Get the money out of politics - it's a common refrain among political reformers and one that was heard again last week following news that special prosecutors and their law firms have made donations to the governing Liberals. But as someone who has spent countless hours and days reading through campaign disclosure statements - and yes, by the way, that is how I spend my spared time - I have some serious concerns about the unintended consequences of such a reform.
For example, the ban won't prevent corporate and union interests from bankrolling the province's parties. After all, individuals donations can and will still be made by their members, employees and executives. So unless reporters can connect those individuals back to the corporations or unions they work for or belong to - which is near impossible in the case of privately-held companies - the influence of those interests will go unreported.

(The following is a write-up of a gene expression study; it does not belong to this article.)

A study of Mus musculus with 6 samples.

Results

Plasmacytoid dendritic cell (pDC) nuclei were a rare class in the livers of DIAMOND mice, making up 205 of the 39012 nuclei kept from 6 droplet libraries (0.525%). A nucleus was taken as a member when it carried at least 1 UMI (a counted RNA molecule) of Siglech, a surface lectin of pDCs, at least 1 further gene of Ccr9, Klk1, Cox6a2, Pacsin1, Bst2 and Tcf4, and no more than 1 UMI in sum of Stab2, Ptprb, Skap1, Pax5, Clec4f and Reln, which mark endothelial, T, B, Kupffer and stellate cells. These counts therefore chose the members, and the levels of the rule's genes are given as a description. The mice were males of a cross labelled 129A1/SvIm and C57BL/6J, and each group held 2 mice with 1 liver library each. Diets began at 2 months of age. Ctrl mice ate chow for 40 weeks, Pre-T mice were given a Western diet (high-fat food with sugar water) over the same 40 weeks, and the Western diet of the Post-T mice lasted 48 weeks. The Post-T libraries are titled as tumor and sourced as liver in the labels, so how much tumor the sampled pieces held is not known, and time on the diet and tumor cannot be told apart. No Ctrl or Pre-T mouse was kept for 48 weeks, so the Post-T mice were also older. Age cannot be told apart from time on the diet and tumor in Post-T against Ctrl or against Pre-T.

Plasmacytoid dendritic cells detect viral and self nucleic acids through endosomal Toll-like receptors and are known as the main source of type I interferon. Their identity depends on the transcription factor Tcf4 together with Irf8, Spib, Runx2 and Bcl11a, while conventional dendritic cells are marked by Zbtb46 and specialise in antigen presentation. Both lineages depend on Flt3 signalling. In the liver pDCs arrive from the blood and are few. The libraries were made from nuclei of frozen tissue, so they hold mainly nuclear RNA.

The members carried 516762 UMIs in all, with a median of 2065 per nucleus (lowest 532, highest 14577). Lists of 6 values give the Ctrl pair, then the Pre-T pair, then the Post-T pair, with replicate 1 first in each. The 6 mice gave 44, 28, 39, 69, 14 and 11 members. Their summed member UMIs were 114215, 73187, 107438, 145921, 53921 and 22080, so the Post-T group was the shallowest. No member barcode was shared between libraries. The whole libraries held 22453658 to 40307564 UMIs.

That ban could also increase the power of fundraisers. After all, if parties can't get large donations from a small number of corporations or unions, they'll greater need for bagmen who can get smaller donations from a larger number of individuals. But unless those fundraisers are required to publicly disclose their activities - another near impossibility - it'll be difficult to find out who they are and what increase influence they might have over the parties they bankroll.
I could go on. But I think you understand what I'm getting at. Because even though a ban on corporate and union donations might look good on paper, in practice it may just make it more difficult to find out who are pulling the strings of power in British Columbia.